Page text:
Thursday, January 05, 2012

Here is something I did:
I decided that I actually wanted access to my minis and some reliable way to find them. Arranging them alphabetically by author seemed the way to go, and these corrugated cardboard boxes (acid content be damned)  were convenient receptacles for most sizes of minis. The tinies & humongoes are on the bookshelf above in no order,  but the bulk of my collection is now here. I was able to do a bunch of weeding as well. The compilations, like my beloved Papercutters, are on another shelf right now, but will end up in a box too when a suitable one arrives.

Now I have one big box of unread stuff to go through, and I am sure that I will need at least two more browsing boxes of this size when I am through. As I hinted at above, this is not a great longterm preservation solution, but it is cheap. Perhaps when I have a little more archive money (hire me!), I will splurge on some acid free boxes.

I also weeded my fiction collection and arranged that alphabetically by author as well. I tried to get rid of the Pynchon and other such things, but B wouldn't let me go all the way. As punishment, he must read Gravity's Rainbow in 2012.

All this talk of minis may have you wondering when I am going to start reviewing them again. I promise to have gained a new PO box by the end of January. See you in the mail.


kenan said...

You don't find half/quarter size minis getting lost in there? I have mine arranged by size and stuffed into corresponding shoeboxes, which is useless for finding things, but good for density and the preservation of my apartment's precious open space.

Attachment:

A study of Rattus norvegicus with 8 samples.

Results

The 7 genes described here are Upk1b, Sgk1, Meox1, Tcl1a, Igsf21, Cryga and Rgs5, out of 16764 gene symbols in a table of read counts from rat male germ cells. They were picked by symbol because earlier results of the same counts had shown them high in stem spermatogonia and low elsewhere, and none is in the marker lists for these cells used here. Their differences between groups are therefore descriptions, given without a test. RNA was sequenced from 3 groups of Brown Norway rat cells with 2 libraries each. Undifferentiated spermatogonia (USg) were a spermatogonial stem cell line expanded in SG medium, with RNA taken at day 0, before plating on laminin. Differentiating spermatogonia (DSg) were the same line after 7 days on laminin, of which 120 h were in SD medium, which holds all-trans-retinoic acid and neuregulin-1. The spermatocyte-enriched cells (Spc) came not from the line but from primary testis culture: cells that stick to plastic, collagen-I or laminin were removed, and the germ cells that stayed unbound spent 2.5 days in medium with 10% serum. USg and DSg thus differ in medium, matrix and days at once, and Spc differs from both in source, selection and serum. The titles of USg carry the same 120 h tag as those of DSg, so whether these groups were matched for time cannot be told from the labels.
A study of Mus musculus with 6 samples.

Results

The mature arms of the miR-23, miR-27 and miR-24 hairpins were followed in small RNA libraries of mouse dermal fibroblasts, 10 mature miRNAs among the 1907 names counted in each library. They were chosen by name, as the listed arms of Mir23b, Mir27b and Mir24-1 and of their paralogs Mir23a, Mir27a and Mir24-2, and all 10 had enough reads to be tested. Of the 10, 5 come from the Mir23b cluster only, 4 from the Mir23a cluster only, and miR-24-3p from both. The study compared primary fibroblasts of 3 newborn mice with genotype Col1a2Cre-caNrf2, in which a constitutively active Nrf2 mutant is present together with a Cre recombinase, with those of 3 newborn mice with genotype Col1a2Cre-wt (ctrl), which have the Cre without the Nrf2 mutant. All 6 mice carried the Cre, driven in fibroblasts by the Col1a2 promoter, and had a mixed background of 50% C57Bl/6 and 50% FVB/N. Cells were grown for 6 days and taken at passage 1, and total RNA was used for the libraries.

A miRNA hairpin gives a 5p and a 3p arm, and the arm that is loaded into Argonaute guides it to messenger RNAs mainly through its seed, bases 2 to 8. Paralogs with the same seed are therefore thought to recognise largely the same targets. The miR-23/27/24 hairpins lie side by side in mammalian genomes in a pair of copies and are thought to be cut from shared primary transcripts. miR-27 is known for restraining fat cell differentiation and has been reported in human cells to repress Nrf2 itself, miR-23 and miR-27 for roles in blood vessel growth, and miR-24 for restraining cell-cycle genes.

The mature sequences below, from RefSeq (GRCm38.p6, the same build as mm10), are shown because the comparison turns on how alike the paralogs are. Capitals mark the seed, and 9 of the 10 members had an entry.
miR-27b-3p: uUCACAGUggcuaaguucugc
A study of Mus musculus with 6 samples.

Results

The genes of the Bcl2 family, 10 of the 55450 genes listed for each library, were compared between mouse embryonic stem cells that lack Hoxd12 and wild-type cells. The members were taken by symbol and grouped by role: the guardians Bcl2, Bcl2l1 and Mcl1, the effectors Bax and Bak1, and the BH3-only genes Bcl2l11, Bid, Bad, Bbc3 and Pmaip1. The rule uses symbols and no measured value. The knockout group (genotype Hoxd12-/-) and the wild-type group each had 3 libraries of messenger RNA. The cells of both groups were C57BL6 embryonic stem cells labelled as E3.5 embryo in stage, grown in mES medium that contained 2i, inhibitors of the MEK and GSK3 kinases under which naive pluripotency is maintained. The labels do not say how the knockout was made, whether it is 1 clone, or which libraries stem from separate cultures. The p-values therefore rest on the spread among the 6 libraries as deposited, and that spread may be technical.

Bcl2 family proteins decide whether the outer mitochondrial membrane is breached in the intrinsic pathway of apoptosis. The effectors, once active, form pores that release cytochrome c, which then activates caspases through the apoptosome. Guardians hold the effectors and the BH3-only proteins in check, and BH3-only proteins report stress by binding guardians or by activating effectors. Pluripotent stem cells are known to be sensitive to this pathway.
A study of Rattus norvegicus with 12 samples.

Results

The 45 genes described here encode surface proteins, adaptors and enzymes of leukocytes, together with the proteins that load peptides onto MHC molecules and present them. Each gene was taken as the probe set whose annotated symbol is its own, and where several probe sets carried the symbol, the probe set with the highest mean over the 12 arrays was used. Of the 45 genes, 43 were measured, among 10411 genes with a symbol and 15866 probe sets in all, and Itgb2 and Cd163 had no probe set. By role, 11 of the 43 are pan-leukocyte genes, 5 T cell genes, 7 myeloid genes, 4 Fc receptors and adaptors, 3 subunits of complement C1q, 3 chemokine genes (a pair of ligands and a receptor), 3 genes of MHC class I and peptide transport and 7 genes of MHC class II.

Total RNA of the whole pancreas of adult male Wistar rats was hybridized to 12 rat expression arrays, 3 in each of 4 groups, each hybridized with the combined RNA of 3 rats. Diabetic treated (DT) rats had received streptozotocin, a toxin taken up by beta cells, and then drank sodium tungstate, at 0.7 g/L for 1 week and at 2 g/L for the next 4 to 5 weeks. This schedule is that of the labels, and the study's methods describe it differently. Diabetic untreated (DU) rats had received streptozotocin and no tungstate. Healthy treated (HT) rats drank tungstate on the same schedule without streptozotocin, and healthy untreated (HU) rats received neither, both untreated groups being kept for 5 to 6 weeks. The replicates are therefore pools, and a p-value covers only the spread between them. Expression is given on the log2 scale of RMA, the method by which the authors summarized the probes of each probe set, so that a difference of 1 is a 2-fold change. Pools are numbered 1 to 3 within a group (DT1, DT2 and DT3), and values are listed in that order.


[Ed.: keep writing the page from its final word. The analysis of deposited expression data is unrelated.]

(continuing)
Your system seems immediately superior. Case in point: I know where your copy of Milk Teeth is, but would be hard-pressed to find my own.

Carrie said...

Kenan, the little ones, including your Oubliettes, and big ones are in another place right now. The half size are ok in there.

Like I said, I wanted them to be out and available. This project gave me another chance to weed things too.

Amanda said...

HA!I have a copy of Gravity's Rainbow that I found in a crate in my parents' basement. I asked if I could borrow it, and my dad assured me I could "just plain take the damn thing and promise to never bring it back."

He bought it when it was published, never read it, moved house with it at least 8 times, and now I've moved house (apartment) with it approximately 21 times. And have never read it either.

Carrie said...

A, I just don't see the point of keeping and displaying such a thing as Gravity's Rainbow! B boasted of reading half of it once and when I said, "And it was terrible, right," he said yes. Ha! Still, it is his book and I can't just give it away.